Just an article i found regarding battlefield 3 mod tools
Many fans in the Battlefield community of late have been upset about what appears to be DICE walking away from their historic support of modifications. I, as someone who has been in the Battlefield modding community since October 2002, and have seen it all, would like to set a few things straight. I would also like to present what I think the community should be asking for, instead of what they have been demanding.
Much of the community talkback has revolved around two things: decrying DICEs walking away from their ‘roots’ by not supporting mods the way they used to, and a demand for an editor. This line of conversation ignores what those of us around at the beginning know: DICE mod support has always been sketchy at best, and the release of an editor with Battlefield 2 was an exception, not a rule.
DICEs first official map editor was the editor they released for BF1942, called BattleCraft. But BattleCraft was actually a community map editor, being worked on by a community member during a time when we had no tools at all. DICE hired the person making BattleCraft early in its development and we didn’t hear anything of it until late in BF1942’s life cycle. This was a time when anything we had was software intended for other uses (like Daylon Leveller) or made by the community, like the RFA Extractor without which we could not have done anything.
The editor which made modding for BF1942 easier and to which many BF1942 mods owed their life was called Editor42. It was superior to what ended up being BattleCraft in every way, it came out early, and most of all – it had nothing to do with DICE. It was made by a French Canadian named CoinCoin, and beta tested by another community member, named AudioGod, and myself (then known as Augustus). Editor42 was so good in fact, CoinCoin changed the license terms to say commercial use required payment, due to suspicions he had that EA and DICE were using it themselves (based upon approaches EA had made to him to offer ‘helpful advice’). Editor42 was always the preferred editor in the community, even after BattleCraft was released.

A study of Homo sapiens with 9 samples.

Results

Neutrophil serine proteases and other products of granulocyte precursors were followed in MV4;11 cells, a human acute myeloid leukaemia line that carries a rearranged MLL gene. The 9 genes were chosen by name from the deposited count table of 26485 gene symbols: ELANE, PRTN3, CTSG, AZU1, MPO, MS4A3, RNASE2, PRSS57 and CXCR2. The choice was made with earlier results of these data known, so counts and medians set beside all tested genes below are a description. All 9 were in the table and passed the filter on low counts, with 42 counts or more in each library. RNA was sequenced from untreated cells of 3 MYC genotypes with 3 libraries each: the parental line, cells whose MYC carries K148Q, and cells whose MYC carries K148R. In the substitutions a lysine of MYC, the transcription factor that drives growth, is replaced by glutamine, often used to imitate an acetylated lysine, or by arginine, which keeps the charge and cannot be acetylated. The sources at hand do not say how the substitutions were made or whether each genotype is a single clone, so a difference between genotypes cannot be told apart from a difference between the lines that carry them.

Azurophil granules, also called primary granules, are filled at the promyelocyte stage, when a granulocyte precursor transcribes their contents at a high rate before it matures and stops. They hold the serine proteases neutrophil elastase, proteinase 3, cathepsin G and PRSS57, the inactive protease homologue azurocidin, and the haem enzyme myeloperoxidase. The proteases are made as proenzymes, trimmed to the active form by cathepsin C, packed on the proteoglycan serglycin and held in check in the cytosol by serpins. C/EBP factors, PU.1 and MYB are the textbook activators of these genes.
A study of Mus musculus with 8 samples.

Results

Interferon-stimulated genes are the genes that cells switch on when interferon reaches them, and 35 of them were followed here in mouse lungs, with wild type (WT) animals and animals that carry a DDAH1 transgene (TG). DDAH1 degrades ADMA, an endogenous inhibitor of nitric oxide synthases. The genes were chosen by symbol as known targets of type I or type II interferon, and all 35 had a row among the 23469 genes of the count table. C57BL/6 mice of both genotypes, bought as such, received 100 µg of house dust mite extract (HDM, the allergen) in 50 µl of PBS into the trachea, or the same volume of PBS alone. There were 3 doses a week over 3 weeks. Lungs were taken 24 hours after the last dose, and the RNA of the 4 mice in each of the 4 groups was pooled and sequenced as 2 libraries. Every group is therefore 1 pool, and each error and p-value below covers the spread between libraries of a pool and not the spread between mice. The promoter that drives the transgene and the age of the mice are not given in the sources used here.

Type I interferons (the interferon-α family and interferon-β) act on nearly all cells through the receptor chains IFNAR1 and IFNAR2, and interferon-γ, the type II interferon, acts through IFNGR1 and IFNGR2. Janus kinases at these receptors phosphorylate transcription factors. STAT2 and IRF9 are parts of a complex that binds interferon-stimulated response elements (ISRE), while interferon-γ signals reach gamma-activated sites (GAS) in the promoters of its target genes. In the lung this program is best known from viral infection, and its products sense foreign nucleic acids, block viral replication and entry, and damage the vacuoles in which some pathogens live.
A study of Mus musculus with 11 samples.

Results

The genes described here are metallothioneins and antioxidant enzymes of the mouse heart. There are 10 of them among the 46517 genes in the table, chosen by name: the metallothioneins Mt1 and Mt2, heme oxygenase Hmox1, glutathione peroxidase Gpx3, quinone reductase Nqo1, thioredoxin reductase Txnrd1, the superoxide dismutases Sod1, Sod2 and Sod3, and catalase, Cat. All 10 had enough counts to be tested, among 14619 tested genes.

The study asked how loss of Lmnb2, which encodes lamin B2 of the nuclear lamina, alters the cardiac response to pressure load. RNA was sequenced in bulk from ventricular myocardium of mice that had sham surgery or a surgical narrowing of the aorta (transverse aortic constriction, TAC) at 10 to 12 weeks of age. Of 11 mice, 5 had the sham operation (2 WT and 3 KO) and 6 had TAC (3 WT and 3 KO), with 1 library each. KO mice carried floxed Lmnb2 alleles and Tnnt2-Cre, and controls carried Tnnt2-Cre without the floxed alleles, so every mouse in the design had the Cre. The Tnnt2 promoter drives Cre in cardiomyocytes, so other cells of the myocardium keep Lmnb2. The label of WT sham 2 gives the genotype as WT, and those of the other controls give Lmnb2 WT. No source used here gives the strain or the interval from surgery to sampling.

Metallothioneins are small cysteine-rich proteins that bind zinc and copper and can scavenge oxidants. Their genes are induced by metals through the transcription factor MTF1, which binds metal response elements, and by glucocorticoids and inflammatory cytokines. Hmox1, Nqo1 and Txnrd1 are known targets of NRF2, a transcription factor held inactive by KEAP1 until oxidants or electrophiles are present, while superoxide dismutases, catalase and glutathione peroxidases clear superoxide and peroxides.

None of the most important tools had anything to do with DICE. Battlefield modding started out with people making maps entirely using notepad for object placement and 3dsMax for terrain texturing (and most other tasks, thanks to RexMan, later a Desert Combat developer).
By and large, DICEs mod tools had come out long after the community had already worked everything out for themselves, and had made software and 3dsMax scripts to do it all (DICEs Mod Tool download was actually a collection of MaxScripts made by RexMan, repackaged). DICE also consistently underestimated what the community was capable of; never believing the community could make a working helicopter with the existing code. This trait is still evident today with their patronising claims they can’t release their Frostbite 2 editor because their engine is too complicated for us.
Criticising DICE for not releasing mod tools ignores the history of Battlefield modding, which is a history of doing it ourselves, with only a little help from them. That is after all, the spirit of modding. What we should be campaigning for are two simple things: a custom game menu item so that mods can actually be used (no one seems to have even bothered asking for this!), and some kind of extractor tool to enable us to decompile their files. From there, we can do the rest. Our community is chock full of smart people who love the challenge, and if BF3 is as big a game as we hope it will be, there will be even more of them.
So get the word out – stop whingeing and ask for something DICE might actually see as a small thing that won’t cost them anything to give us. We’ll do the rest.